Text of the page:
Reviewed by Lisa Jo Sagolla

Presented by Bradford Olson and Warren Spielberg at New York Performance Works, 128 Chambers St., NYC, Aug. 18-19.

To recreate Isadora Duncan's choreography for today's audiences is a terrifyingly tricky task; it is all too easy to appear hokey, simplistic, and foolish. The valiant effort by Rina Rinkewich's Return of the Sun Dance Company to reconstruct four of Duncan's works, in a showing at New York Performance Works, fell short of the mark. Too much "acting" was imposed upon the dancing. Instead of achieving expressiveness by finding the feelings within Duncan's movements, Rinkewich's dancers layered artificial affect atop the choreography. The effect was that of sprinkling powdered sugar on a piece of fudge.

The performance of the sportive "Dance of the Cherubim" was driven, not by the playfulness of its kinetics, but by a forced merriment manufactured by the dancers. "Slow Mazurka" revealed Rosita Roldan as the only dancer in the troupe able to convincingly evoke emotion through movement. Though Allison Courtenay offered an attractive interpretation of the flowing solo "Water Study," the beauty of her dancing derived from a balletic dynamic, lending a classical clarity to her performance that felt somewhat at odds with Duncan's commitment to kinesthetic naturalism.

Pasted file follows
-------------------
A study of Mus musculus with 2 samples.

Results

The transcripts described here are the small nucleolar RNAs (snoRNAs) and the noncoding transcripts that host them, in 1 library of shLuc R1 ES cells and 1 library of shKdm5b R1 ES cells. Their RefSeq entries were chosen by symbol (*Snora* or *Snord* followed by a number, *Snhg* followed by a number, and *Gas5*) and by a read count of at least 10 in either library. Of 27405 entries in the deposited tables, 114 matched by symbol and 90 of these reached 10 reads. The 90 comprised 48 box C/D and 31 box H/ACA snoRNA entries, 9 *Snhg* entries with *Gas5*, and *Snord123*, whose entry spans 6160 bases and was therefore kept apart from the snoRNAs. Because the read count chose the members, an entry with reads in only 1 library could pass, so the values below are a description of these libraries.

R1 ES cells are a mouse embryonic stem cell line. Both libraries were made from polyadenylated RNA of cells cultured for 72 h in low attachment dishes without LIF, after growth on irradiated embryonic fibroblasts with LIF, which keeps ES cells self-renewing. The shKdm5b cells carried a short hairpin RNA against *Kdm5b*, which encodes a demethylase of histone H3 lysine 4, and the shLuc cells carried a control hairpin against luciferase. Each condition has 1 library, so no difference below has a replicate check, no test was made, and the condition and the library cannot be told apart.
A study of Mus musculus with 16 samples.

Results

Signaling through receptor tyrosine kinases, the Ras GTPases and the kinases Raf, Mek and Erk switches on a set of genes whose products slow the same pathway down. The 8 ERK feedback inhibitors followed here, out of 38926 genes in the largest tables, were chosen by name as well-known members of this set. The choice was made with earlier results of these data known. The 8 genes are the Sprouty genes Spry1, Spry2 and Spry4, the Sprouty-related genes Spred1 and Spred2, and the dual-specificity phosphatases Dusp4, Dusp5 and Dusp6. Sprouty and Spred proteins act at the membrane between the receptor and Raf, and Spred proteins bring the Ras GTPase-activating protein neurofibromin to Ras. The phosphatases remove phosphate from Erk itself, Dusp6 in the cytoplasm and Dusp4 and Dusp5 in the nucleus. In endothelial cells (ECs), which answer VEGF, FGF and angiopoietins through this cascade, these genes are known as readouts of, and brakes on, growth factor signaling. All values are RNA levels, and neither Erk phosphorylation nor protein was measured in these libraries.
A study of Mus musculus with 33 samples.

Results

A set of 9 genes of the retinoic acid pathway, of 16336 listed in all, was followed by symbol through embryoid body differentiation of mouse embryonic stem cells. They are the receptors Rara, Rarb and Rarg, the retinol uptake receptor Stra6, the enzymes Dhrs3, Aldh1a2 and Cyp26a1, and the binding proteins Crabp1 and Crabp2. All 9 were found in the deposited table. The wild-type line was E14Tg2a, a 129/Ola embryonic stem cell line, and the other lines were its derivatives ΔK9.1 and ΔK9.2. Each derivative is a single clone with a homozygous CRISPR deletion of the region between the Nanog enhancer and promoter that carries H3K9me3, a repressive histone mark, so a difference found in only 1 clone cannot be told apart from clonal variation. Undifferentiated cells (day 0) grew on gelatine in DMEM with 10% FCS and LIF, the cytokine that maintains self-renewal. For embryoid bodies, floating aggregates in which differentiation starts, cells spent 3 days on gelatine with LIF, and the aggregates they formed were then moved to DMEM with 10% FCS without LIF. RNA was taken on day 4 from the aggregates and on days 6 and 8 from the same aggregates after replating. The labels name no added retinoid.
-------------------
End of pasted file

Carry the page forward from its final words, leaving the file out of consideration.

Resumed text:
The company was most successful in its rendition of "The Dance of the Furies," an exciting ensemble work full of raised and pounding fists, dramatic falls to the floor, bounding sautés, and lots of energetic charging en masse across the stage. For these dancers, revivifying Duncan's powerful revolutionary sensibilities proved less difficult than recapturing her elusive lyrical allure. Yet one must wonder why, in a city abounding with talented dancers hungry to perform, Rinkewich has collected a company of less than first-rate performers.

The evening also included two group works choreographed by Rinkewich: the derivative, Duncan-esque "Wing Song," and "Honey In My Hands," an unremarkable amalgamation of '70s moves danced to live folk-rock music (composed by Peira Moinester) that took us on a mellow journey back to earthier, non-techno times. Choreographer Emily Goodman's "En Route," an active trio accompanied by a wonderfully lazy, jazz- and country-influenced instrumental score by Angelo Badalamenti, completed the program.